This Week In Social Media: Fundraising, Facebook Alternatives And More
For indie beauty brands, the time spent on and money paid to social media networks is precious and really shouldn’t be wasted. To help beauty entrepreneurs preserve time and contemplate strategies for maximizing their spend, we’ve been tracking the latest news in the social media universe. This week, companies rolled out initiatives and reconsidered their business models as the pandemic continued to rock advertising revenue. Here’s a rundown of five recent social media developments to keep you up to date.
1. INSTAGRAM Fundraising
Instagram continues to explore ways to help people raise money for both charitable and personal causes in this time of need. It’s now testing Personal Fundraiser, a feature available to select Instagram users in the United States, United Kingdom and Ireland on Android. It will be available next on iOS platforms. Instagram has detected an upsurge in donations made via its platform. In fact, they’ve doubled in the U.S. over the last 30 days. Since January, Instagram divulges users of it and Facebook drew in excess of $100 million in fundraisers. Read more about the new feature via Forbes here.
2. Back-To-School Promotions
Like most aspects of our lives, back-to-school season will look very different this year. With the pandemic persisting, many school districts in the United States won’t be fully reopening, leading to a unique and stressful educational environment in the fall. Normally, this month marks brands beginning to promote what they offer for students attending school under normal conditions. Figuring out the path forward for brands that want to be involved in back-to-school shopping when school will be anything but normal is tricky. Sprout Social is guiding brands through the uncertainty. The social media management software firm analyzed more than 9,100 social profiles across Facebook, Twitter, Instagram, Pinterest and LinkedIn to uncover trends, including a desire for safe equipment, to inform brands’ approaches. Download the back-to-school report here.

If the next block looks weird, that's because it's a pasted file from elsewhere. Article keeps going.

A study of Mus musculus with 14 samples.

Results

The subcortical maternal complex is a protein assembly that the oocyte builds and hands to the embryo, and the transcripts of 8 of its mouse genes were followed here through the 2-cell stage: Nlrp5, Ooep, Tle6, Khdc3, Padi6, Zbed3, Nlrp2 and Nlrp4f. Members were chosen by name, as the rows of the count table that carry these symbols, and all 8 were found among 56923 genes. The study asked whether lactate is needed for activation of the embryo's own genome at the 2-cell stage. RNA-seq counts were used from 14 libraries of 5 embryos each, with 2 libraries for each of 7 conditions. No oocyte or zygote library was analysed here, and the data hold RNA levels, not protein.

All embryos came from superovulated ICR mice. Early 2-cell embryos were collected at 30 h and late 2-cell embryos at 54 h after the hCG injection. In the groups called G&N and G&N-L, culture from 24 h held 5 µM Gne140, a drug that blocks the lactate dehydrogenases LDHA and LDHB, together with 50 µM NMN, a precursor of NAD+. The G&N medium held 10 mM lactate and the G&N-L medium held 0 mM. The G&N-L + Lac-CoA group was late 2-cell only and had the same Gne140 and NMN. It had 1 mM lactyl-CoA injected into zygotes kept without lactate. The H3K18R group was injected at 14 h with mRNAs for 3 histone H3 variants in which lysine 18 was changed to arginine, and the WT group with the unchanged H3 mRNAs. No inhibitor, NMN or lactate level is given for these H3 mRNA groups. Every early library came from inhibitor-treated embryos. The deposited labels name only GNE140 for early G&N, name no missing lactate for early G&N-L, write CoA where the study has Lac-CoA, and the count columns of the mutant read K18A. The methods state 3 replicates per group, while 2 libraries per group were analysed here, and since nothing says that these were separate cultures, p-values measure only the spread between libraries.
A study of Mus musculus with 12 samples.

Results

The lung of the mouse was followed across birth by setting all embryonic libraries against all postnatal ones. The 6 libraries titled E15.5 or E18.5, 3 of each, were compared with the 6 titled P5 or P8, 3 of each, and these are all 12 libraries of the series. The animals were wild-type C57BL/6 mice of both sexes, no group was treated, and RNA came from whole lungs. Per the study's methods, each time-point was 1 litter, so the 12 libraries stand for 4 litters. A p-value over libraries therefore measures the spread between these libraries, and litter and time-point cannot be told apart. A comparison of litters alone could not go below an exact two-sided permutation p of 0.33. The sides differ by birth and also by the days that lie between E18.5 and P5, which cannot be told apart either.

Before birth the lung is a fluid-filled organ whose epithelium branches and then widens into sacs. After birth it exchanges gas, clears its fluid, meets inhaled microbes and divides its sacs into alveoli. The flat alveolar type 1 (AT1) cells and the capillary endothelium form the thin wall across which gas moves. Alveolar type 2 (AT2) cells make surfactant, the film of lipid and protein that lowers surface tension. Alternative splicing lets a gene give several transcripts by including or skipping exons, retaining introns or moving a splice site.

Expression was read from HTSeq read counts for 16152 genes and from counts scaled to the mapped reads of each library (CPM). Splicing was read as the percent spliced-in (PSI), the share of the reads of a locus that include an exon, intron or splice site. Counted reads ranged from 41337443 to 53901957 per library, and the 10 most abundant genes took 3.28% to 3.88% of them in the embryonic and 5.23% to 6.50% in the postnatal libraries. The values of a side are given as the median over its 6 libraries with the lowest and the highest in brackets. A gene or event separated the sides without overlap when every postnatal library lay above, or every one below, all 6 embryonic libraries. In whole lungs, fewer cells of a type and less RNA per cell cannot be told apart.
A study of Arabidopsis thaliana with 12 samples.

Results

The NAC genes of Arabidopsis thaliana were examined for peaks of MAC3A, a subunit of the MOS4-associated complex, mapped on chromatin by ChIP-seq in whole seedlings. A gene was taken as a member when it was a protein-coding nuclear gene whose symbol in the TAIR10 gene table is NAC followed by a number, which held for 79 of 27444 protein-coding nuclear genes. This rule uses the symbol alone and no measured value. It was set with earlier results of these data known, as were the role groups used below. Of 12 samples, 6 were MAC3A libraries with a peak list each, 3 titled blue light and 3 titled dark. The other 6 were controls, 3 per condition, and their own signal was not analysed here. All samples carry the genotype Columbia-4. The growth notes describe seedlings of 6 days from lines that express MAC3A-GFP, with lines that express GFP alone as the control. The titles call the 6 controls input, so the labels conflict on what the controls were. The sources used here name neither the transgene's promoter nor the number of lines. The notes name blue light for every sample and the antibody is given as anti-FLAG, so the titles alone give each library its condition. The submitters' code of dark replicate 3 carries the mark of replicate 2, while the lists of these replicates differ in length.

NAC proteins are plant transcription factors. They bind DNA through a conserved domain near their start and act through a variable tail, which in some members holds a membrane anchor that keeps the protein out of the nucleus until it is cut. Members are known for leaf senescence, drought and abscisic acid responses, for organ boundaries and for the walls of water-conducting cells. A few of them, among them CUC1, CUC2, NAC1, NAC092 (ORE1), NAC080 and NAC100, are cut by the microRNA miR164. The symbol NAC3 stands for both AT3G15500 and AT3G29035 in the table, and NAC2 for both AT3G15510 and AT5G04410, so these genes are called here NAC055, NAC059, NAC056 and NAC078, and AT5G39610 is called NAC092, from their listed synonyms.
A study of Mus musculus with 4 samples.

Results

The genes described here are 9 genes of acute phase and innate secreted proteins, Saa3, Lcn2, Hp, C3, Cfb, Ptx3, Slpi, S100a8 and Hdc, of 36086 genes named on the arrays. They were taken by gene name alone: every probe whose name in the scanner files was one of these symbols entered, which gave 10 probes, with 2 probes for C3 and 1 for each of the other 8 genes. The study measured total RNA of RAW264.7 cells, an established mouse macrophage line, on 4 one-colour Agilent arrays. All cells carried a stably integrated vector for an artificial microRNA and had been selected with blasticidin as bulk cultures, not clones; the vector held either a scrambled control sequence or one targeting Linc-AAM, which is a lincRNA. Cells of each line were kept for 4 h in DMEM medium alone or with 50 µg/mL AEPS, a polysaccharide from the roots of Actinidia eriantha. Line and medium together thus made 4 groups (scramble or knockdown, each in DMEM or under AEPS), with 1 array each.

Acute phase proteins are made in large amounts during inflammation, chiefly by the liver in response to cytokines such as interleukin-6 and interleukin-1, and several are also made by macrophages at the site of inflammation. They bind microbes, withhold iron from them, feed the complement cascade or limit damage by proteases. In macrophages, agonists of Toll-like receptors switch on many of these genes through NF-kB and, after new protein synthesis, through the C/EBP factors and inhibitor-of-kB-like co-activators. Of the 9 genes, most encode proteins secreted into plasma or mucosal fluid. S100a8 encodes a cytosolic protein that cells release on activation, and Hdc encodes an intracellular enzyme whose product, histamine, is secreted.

3. SOCIAL MEDIA InCLUSIVITY
In the beauty industry, there’s been a lot of focus on foundation shade inclusivity, but what about website and social media inclusivity? A few brands, including Victorialand Beauty and SkinOwl, have worked to make their sites accessible to as many people as possible. However, most haven’t. There are millions of reasons why they should broaden the reaches of sites and social media feeds. According to the World Health Organization, an estimated 1.3 billion people in the world are visually impaired and roughly 466 million are deaf or hard of hearing. Brands seeking to make their social media more inclusive might not know where to start. Alexa Heinrich, social media manager at St. Petersburg College, is happy to help them out. She shares five easy ways to to better social media inclusivity such as capitalizing hashtags and adding video captions. Learn more here.
4. LinkedIn As A Facebook Alternative
This month’s Stop Hate for Profit effort has led companies to ponder alternatives to Facebook to build their businesses. In an article for Inc., contributing editor Geoffrey James indicates they should take LinkedIn seriously. “It’s difficult to find examples where LinkedIn has had a negative impact on anything or anybody,” he writes. For businesses assessing where they should focus their scarce resources, Forbes has a useful primer with 13 tips for considering the different social media platforms. Check it out here.
5. Twitter Subscription Model
Twitter has experienced a pandemic-related advertising revenue hit. In response, CEO Jack Dorsey announced this week the social media network is exploring making money from users, including possibly through a subscription model. Dorsey explains, “We want to make sure any new line of revenue is complementary to our advertising business. We do think there is a world where subscription is complementary, where commerce is complementary, where helping people manage paywalls…We think is complementary.” The subscriptions aren’t expected to occur soon, but they could change the nature of interactions between Twitter users, advertisers and the platform.